I'm still not sure what to make of Sarah Palin as McCain's VP choice. I've been worrying for some time that McCain could pick a woman to pick off some estranged Clinton supporters, but I'm not sure if Sarah Palin is a realistic Clinton surrogate for that crowd, even if they are still a little pissed. I see some obvious political benefits to picking her, both as a sop to conservatives and regarding as image that a lot of Americans will relate to and find compelling. But it also seems insane to select someone with so little experience to be a heartbeat away from the presidency.
And maybe you'll come back with the retorts we've all heard about her having as much experience as Obama or more executive experience than Obama, Biden, and McCain combined. But I don't think either of these statements is true. Have you read the post-mortems on the Democratic primary? If building and running perhaps the most improbable successful primary campaign in history doesn't count as executive experience, I don't know what does. Obama has demonstrated an astonishing ability to lead, to inspire, and to organize, and the fact that he's never held an elected executive office doesn't diminish that.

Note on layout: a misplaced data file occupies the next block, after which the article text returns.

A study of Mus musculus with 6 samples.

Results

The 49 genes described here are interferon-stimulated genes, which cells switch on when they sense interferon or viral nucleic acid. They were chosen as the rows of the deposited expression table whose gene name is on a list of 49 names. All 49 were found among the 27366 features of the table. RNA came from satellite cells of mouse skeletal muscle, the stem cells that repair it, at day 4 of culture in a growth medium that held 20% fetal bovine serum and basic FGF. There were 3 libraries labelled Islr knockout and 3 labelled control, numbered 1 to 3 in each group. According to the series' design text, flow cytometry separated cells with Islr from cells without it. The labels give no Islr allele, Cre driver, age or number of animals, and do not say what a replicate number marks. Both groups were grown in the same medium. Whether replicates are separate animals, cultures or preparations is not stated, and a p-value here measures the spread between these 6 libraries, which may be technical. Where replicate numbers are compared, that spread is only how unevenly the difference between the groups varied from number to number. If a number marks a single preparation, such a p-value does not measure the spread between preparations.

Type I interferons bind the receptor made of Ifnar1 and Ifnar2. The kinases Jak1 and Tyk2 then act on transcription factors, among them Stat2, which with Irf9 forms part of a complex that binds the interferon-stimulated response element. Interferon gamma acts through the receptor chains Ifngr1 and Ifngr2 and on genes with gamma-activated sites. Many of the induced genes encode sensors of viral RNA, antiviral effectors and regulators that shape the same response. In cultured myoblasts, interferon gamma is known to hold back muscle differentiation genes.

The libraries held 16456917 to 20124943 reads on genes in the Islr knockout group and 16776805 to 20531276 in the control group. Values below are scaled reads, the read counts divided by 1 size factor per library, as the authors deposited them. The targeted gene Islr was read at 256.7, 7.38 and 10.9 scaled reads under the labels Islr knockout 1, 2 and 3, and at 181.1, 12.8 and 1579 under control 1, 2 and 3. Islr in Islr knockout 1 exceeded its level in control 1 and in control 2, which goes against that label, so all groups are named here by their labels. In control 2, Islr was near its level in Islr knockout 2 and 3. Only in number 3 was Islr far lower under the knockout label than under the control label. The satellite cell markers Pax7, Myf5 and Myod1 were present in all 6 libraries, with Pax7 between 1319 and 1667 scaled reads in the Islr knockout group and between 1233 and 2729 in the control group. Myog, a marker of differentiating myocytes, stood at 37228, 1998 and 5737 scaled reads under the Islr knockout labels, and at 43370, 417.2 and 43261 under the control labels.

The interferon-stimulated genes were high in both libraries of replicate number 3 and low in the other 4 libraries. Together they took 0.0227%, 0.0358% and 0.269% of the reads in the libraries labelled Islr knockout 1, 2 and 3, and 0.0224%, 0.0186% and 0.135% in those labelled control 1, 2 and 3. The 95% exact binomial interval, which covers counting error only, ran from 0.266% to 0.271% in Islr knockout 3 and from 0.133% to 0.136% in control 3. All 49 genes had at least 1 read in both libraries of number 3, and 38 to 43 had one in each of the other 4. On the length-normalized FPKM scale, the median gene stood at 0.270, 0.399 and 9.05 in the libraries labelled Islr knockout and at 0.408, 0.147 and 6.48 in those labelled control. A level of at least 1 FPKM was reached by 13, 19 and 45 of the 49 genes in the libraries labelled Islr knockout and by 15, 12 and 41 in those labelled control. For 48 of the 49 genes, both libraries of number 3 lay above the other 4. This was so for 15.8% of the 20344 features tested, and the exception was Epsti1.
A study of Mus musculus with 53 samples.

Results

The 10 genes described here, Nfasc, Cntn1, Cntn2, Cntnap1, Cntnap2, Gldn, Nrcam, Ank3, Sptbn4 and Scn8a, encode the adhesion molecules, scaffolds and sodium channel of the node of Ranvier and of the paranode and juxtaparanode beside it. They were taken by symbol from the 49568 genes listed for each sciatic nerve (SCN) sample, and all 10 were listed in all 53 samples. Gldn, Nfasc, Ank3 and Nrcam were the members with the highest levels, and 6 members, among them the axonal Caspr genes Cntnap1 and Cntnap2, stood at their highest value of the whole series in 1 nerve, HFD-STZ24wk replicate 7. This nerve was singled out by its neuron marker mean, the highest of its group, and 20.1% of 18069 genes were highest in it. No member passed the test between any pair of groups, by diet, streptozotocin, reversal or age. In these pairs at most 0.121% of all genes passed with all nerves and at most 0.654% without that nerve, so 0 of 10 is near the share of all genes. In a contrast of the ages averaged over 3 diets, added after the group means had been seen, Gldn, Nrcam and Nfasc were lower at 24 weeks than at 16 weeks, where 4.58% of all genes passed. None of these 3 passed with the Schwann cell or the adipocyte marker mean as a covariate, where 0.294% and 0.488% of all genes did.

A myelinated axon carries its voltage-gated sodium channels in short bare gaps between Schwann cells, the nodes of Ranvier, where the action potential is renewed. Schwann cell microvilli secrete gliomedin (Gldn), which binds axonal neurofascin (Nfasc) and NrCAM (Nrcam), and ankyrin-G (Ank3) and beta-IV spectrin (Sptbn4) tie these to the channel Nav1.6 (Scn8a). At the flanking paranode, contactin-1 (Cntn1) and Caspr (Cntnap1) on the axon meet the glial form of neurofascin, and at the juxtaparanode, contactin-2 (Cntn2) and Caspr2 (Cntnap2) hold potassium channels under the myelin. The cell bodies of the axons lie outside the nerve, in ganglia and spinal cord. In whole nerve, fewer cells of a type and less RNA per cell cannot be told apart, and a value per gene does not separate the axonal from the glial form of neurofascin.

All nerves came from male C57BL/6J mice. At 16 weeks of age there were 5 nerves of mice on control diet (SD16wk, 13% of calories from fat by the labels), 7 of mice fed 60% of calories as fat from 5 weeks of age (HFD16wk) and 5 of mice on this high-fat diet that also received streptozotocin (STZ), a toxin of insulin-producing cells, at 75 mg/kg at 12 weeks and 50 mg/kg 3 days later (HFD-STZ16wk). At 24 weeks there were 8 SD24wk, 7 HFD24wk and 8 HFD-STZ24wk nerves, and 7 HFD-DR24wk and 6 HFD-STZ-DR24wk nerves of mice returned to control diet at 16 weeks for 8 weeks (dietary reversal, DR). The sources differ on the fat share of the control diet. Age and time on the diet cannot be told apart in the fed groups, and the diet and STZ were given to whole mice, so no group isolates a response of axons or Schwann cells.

I also think it's odd to even make the comparison between a person the country has gotten to know over a year and a half and 18 million Americans voted for to a person the overwhelming majority of Americans had never heard of before one man decided to put her into a position of national prominence. Obviously if she actually becomes the Vice President, Americans will have voted for her, but to me the idea that they are somehow equally untested at this moment just feels naive.
MORE: Here's an article actually suggesting she would have to resign and appoint someone else to fill the position (a la Geena Davis?) if McCain were to die early in office. I don't know how that bizarre notion can be compatible with the idea that she's a reasonable choice, but that's where the article seems to end up.